ID cards will no longer be compulsory, but anyone applying for a British passport will added to the national identity card database, the government disclosed yesterday.

ID cards will no longer be compulsory, but anyone applying for a British passport will added to the national identity card database, the government disclosed yesterday.

In an about-turn by government on the controversial ID card plan, home secretary Alan Johnson said yesterday that ID documents would never become compulsory

"Holding an identity card should be a personal choice for British citizens - just as it is now to obtain a passport," he said, announcing a review of the plans.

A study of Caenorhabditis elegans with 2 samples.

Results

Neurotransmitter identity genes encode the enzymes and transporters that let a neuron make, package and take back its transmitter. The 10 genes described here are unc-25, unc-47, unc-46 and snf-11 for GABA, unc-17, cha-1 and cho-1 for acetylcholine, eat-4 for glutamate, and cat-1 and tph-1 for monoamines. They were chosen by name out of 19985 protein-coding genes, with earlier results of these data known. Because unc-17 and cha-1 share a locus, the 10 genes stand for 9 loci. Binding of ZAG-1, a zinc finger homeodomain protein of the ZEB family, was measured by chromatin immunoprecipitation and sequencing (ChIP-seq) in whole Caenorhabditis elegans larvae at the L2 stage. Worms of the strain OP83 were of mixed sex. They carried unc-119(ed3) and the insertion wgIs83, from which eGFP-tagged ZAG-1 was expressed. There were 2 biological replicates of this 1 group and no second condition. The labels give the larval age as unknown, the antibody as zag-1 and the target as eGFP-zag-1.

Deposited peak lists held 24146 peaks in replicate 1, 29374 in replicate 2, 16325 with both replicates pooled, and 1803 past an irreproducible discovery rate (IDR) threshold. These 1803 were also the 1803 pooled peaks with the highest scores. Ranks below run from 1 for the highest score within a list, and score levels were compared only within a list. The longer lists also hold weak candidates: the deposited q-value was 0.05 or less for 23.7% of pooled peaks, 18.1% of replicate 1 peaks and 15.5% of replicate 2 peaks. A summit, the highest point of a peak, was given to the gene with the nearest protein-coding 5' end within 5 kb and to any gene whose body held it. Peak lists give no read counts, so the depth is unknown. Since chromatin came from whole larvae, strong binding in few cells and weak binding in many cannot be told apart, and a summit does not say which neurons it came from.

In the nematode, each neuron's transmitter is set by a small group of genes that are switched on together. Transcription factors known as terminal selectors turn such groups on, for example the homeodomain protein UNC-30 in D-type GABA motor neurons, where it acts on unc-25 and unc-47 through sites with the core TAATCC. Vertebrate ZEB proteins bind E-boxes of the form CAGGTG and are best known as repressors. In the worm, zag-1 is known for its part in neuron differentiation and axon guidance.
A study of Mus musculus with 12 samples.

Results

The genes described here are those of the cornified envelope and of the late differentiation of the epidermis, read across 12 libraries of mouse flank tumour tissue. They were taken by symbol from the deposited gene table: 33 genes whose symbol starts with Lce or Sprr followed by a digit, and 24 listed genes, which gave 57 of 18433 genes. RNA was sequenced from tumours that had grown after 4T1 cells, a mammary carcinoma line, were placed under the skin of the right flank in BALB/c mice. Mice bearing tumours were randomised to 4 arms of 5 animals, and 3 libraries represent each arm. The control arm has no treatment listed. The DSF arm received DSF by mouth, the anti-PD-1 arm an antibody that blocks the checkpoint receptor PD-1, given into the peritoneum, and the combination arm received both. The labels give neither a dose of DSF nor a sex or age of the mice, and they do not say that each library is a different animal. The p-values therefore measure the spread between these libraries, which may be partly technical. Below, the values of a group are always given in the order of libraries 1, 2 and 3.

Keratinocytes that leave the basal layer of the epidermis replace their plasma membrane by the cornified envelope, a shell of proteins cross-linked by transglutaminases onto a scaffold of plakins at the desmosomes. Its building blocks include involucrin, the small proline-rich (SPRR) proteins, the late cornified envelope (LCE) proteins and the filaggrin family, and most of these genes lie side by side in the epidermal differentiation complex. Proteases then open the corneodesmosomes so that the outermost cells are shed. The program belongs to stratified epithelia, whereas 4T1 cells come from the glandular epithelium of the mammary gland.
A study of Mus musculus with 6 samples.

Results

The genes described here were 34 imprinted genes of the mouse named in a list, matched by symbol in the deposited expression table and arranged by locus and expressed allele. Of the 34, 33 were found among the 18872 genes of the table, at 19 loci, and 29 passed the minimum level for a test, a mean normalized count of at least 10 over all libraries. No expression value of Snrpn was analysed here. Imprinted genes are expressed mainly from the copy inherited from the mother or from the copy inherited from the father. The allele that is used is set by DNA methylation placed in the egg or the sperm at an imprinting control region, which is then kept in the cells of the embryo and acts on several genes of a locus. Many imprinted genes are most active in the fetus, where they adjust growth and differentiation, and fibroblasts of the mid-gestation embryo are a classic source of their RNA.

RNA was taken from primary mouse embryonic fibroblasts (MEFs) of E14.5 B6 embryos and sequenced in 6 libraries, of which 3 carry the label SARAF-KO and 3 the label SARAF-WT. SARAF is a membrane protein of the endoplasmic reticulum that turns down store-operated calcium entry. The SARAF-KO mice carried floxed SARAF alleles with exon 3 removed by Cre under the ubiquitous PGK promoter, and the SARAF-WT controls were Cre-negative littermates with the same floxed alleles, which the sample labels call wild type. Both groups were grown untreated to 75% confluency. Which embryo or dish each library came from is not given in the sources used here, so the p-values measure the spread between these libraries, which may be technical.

Johnson said he still wanted to see the introduction of ID cards accelerated for foreign workers and said young adopters would benefit from using the card as proof of age.

However, he said he had halted the introduction of compulsory identity cards for pilots and other workers at Manchester Airport and London City Airport.

Johnson has also scrapped plans to extend compulsory ID cards to other transport industries as a condition of employment.

But draft regulations to be approved by parliament in the next two weeks are expected to make passports a "designated document", according to The Guardian.

This means anyone applying for or renewing their passport from 2011 will be included in the national identity databases automatically.

Data privacy and security concerns around these databases are among the chief reasons for opposition to the ID card by the Conservative Party, human rights groups and other critics.